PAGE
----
It seems like every October through December we are inundated with more food than we know what to do with. It begins with the Halloween candy that is displayed in plastic pumpkins for weeks after the big night. Those orange and black baskets are quickly replaced with the Thanksgiving leftovers that never seem to diminish and are soon to be replaced with an onslaught of candy canes, Christmas cookies and homemade treats. And let’s not forget the parties, get-togethers, potlucks that more that fill our calendars over the last few months of the year. It’s no wonder that so many of us report putting on a few extra pounds each holiday season.
But rather than just accepting this holiday weight gain as a fact of life, this year make a commitment to avoid packing on a few extra pounds. Research  has found that while most individuals won’t gain serious weight during the Christmas season, very few will actually lose the one or two pounds they put on. Over time, a pound here and a pound there really adds up.
Follow these guidelines this holiday season to enjoy taking part in the festivities without having to fight the battle of the bulge down the road.
1. At The Office…
Avoid placing goodies on or near your desk. If you want to bring in treats, put them in the office kitchen or place them in a solid jar or container so you’re not staring at them all day.
Keep track of how many office snacks you nosh on each day. Place the empty wrappers in front of you or keep a running tally on a notepad in plain sight. Being reminded how many snacks you swiped will keep you from overdoing it.
Swap out your regular snacks for something special. It is the holiday season and many of these treats you will only eat once a year. But, don’t eat them in addition to your regular snack. Instead swap out something from each meal to account for an added indulgence during the day.
2. At The Party…
Never arrive hungry. Remember, there is more to a party than just the meal. Have a protein-rich snack before you arrive so you will be less tempted to plant yourself at the buffet and more inclined to mingle with fellow-guests.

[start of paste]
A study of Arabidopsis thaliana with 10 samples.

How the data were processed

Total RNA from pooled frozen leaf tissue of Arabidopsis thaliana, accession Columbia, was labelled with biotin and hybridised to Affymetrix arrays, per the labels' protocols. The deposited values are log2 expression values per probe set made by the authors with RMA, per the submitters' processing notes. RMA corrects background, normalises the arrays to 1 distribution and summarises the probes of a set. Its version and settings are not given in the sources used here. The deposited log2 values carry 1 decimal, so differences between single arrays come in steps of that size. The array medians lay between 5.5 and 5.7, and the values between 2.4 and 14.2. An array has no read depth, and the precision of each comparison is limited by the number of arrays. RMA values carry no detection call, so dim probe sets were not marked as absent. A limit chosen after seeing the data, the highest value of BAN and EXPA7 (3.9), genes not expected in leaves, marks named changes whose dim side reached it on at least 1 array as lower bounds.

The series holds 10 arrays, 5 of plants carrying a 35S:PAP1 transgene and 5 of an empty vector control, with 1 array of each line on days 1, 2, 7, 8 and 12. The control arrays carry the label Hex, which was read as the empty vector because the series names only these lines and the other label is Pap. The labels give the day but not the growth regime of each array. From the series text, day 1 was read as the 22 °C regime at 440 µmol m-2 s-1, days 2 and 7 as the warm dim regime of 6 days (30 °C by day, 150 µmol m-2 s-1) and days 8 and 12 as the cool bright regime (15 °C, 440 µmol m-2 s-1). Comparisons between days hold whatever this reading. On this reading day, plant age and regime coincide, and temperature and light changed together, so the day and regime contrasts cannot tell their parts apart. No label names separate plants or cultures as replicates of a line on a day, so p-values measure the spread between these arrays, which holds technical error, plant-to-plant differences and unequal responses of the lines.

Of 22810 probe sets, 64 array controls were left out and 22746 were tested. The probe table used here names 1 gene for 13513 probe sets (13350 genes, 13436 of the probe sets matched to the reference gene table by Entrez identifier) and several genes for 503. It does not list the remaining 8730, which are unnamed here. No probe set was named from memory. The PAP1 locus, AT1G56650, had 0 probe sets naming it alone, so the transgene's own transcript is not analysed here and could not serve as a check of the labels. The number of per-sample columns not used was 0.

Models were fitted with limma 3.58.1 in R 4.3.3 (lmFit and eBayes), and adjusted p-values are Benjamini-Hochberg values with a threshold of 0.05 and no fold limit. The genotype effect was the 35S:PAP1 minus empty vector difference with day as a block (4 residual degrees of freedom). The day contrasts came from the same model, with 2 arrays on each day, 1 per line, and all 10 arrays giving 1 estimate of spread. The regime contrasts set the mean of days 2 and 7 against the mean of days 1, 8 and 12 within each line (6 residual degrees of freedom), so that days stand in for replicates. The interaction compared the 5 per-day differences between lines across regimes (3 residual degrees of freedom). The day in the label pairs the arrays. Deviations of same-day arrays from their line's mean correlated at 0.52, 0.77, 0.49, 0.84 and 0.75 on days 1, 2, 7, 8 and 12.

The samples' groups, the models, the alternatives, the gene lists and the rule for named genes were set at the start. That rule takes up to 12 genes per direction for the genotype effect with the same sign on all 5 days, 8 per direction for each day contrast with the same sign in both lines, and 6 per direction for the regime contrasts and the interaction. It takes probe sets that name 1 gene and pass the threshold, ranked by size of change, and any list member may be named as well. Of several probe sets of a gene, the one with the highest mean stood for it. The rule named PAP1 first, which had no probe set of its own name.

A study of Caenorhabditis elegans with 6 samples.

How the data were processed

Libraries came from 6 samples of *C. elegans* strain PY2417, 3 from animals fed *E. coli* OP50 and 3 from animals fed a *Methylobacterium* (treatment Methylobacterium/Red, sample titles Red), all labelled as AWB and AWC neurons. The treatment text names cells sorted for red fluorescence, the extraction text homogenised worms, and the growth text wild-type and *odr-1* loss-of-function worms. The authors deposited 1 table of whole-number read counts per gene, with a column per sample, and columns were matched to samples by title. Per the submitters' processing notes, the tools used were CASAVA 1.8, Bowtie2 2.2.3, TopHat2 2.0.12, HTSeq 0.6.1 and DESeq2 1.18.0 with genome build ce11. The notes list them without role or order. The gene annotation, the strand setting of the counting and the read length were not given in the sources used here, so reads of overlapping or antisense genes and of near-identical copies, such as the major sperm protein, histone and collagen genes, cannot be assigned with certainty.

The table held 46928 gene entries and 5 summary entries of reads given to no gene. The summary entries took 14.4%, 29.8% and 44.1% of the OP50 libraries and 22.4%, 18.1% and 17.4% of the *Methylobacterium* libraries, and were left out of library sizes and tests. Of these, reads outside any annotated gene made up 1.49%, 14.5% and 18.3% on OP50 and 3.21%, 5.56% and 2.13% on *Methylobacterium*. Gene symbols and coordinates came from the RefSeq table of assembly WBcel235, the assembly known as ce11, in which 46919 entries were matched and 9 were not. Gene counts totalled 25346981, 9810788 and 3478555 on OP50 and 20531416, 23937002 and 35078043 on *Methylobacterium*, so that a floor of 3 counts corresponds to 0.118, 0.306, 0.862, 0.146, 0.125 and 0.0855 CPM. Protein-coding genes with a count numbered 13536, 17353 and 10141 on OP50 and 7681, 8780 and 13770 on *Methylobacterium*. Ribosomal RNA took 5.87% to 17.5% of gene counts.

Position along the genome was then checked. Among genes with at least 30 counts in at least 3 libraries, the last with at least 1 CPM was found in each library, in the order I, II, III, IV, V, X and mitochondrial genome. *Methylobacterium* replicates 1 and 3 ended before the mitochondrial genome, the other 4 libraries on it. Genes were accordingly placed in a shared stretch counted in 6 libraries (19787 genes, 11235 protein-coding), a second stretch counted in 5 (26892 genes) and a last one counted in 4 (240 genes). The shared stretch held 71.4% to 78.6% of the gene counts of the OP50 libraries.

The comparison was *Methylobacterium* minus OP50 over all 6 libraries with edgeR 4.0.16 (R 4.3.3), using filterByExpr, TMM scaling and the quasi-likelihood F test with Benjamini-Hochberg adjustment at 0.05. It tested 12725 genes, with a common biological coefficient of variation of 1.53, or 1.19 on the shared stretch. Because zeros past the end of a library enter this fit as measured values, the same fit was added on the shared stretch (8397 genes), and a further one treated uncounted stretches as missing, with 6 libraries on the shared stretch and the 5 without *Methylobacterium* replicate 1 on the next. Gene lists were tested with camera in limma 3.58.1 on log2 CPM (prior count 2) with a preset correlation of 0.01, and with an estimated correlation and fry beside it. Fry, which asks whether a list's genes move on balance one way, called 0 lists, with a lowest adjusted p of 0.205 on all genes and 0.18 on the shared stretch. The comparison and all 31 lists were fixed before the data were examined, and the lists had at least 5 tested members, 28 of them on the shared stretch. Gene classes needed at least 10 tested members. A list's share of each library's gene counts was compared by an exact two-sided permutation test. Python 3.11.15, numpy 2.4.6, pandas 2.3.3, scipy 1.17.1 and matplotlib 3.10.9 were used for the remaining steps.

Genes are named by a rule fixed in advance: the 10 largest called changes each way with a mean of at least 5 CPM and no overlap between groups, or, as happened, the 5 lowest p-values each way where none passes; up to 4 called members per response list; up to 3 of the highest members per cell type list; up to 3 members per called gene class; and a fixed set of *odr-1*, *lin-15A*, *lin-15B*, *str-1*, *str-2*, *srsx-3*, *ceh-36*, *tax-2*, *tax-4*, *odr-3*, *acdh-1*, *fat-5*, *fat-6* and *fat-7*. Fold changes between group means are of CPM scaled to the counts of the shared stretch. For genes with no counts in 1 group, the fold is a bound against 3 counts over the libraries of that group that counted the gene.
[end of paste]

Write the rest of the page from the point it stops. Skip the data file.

Select a smaller plate. In many cases our eyes are bigger than our stomachs. A small plate will keep you from taking large portions but will still allow you to sample many of the offerings.
Back away from the buffet. Planting yourself in front of the food will keep you nibbling all night long. Take a plate and walk away. Engage in conversation with others to take your mind off of what’s being served. Better yet, hit the dance floor to burn off some extra calories.
3. At Home…
Stop the sampling. Of course you will have to sample what you are preparing, but avoid over-tasting. Those little bites add up quick!
Prepare something healthy. If you are hosting the main meal, give the gift of health by including an array of low-calorie dishes. When going to a potluck or party, bring a veggie tray, fruit bowl or some other healthy dish to share. If everything else is cheesy or chocolaty at least you’ll be assured one healthy option.
Don’t be afraid to be the “healthy” one. So often we eat more than we want to out of concern for offending our hosts. Don’t be afraid to stick to your diet or turn down seconds graciously. In the end, you will have to live with the extra pounds, not your host.
4. Bonus Tips …
Fit in exercise regularly. You may not have the time for a full workout, but half a workout is better than none. And exercise will keep you feeling good about yourself which will help keep you from wanting to overeat.
Wear clothes with a fitted waistband or belt. If you start to feel bloated from overdoing it at the desert counter, this gentle reminder will inform you that you’ve probably had enough.
Don’t go “all or nothing.” It is a special time of year and we often celebrate with food. But, don’t think this gives you license to quit your diet all month. A decadent meal or a few too many deserts one night won’t kill you. Rather than giving up entirely, plan to get back on track the next day. The “waiting until January” method will only result in more weight that very rarely comes off.